Pacific Drilling SA, the deepwater oil driller controlled by Israeli billionaire Idan Ofer, said it’s not looking to sell itself despite gaining notice as a takeover candidate during an oil-market crash.
The $442 million company, which has lost almost 80 percent of its value since oil prices began falling in June 2014, owns a fleet of seven ultra-deepwater drillships with five of them under contract and an eighth being built. Rig owners around the world are suffering as new vessels enter the market even as customers cut activity to survive a yearlong crude downturn.
The company, which is based in Luxembourg and operates out of Houston, has attracted interest from larger rivals such as Ensco Plc, Transocean Ltd. and Seadrill Ltd. since the start of last year, a person familiar with the matter said in June. Pacific kept pace on Thursday with most of its rivals who beat earnings estimates in the second quarter with better-than-expected revenue.
“We’re not at all surprised that there would be market rumors that we are a takeover target,” Chief Executive Officer Chris Beckett said Thursday in a phone interview. “But that doesn’t mean that in any way we have a plan to be taken over or a desire to be taken over.”
Pacific Drilling is “ideally placed” to steer itself through the downturn with its high-specification rigs and capital discipline, Ron Moskovitz, chief executive officer at Ofer’s holding company, Quantum Pacific, said Friday in an e-mailed statement.
“We have backed Pacific Drilling since its inception and have full confidence in the business, its strategy and management,” Moskovitz said in the statement. “Offshore drilling is a core sector for us.”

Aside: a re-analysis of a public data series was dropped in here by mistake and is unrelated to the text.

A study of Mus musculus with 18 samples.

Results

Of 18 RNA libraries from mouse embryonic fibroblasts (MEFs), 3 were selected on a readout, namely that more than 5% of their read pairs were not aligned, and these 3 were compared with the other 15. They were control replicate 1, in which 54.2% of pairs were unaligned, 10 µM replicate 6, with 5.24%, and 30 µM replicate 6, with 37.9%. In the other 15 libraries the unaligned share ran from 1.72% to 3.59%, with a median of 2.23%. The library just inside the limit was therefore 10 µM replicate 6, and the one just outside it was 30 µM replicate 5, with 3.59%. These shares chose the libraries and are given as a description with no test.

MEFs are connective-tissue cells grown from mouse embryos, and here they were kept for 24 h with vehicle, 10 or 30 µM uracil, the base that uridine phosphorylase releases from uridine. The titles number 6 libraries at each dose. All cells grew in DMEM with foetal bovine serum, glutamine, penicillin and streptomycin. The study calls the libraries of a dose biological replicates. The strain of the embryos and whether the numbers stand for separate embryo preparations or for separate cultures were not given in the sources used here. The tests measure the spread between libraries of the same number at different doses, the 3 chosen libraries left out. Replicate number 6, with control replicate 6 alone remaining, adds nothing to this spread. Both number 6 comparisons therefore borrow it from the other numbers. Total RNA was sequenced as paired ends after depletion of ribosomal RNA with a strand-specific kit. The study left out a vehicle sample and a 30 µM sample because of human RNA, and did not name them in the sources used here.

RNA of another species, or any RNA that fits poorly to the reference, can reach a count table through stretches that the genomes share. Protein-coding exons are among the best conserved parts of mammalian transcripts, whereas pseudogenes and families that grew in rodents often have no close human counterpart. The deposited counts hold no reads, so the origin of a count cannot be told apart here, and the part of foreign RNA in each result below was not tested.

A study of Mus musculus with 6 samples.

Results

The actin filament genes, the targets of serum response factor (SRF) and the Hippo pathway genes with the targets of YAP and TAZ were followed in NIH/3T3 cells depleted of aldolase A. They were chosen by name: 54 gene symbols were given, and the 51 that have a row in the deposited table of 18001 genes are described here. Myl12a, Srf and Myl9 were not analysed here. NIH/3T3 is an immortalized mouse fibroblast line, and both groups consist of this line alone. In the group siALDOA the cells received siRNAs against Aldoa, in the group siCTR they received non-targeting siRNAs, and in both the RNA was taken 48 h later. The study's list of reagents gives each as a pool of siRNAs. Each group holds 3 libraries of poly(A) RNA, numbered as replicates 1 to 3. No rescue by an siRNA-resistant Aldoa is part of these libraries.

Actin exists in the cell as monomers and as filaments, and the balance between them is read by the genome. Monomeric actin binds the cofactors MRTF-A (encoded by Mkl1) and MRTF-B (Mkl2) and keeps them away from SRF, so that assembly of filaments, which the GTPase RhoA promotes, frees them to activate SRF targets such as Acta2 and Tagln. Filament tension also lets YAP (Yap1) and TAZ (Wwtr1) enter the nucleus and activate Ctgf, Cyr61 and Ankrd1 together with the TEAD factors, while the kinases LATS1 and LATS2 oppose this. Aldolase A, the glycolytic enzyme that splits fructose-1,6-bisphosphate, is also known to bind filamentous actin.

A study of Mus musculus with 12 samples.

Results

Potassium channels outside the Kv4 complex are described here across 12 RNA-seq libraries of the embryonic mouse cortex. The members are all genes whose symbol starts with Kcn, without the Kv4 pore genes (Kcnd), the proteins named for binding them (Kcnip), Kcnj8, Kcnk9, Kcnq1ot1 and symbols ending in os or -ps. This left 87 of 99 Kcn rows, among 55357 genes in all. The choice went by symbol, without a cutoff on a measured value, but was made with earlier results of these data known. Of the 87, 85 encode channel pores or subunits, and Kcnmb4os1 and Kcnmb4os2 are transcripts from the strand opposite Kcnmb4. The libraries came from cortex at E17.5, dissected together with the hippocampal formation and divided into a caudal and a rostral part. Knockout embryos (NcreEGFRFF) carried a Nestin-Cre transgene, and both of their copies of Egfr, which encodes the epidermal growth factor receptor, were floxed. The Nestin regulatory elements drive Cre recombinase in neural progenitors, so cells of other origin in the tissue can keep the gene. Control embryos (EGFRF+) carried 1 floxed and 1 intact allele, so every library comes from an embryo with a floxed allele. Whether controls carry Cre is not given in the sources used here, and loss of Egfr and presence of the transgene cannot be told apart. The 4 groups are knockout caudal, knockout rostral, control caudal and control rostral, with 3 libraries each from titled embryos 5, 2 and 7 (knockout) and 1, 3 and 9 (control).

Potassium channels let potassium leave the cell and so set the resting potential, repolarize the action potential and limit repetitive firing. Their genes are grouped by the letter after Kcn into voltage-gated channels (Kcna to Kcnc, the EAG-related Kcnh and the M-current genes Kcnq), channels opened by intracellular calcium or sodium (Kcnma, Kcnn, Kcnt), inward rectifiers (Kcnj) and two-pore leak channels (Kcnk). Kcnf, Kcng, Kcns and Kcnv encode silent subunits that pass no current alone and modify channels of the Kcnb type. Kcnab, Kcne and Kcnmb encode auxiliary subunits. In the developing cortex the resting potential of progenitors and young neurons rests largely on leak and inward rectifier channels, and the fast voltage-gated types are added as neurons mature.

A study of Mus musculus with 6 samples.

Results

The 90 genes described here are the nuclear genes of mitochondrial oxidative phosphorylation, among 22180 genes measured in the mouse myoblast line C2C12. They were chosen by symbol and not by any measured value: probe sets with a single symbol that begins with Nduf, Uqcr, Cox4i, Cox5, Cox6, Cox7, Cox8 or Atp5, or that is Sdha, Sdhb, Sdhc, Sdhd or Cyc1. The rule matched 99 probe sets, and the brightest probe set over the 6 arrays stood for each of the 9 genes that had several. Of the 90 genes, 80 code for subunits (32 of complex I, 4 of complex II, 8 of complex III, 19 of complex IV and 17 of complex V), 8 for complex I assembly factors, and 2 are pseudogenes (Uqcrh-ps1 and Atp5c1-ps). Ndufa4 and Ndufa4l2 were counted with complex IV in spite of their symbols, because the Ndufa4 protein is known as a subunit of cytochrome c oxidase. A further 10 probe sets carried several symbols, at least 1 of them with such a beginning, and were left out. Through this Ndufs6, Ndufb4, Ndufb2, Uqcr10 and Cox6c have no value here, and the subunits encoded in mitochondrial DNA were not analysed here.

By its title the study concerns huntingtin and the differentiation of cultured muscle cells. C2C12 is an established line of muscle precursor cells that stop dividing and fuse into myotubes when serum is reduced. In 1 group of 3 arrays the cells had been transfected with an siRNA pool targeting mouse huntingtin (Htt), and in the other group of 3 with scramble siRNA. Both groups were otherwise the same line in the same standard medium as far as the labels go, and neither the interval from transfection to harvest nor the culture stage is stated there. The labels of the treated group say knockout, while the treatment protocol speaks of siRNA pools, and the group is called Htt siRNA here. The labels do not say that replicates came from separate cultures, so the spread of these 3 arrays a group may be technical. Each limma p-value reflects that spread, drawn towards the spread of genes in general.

Pacific reported second quarter per-share profit of 22 cents, beating by 4 cents the average of analyst estimates compiled by Bloomberg. Revenue was $274 million, up 5 percent from a year earlier. That’s higher than the $269 million average of 15 analysts’ estimates compiled by Bloomberg.
Pacific, which has 11 buy ratings from analysts, nine holds and four sells, fell 7.7 percent to $2.05 at the close in New York, after earlier being up as much as 11 percent.
Pacific doesn’t expect its two parked vessels to return to work this year, Beckett said. Its last rig under construction is set to leave the shipyard in October without a contract. In addition, Pacific is talking with Chevron Corp. about finding more work for its drillship operating in Nigeria that’s scheduled to end its contract in January.
The inability to secure work for rigs remains a concern for Pacific, J.B. Lowe, an analyst at Cowen & Co., wrote Thursday in a note to investors.
“Without new contracts, three of the company’s seven active rigs could be idle within six months,” according to the note.
Being rolled into a larger competitor could hurt its value to customers, Beckett said. The company, which plans to someday grow to as many as 12 rigs, was started in 2011 with the intention of keeping a small and sophisticated fleet.
“A sale doesn’t make sense to us at this point,” he said. “The board and the lead shareholder are fully aligned with us on that view point.”
(Pacific Drilling is scheduled to hold an earnings conference call at 10 a.m. New York time on Friday, accessible at http://www.pacificdrilling.com.)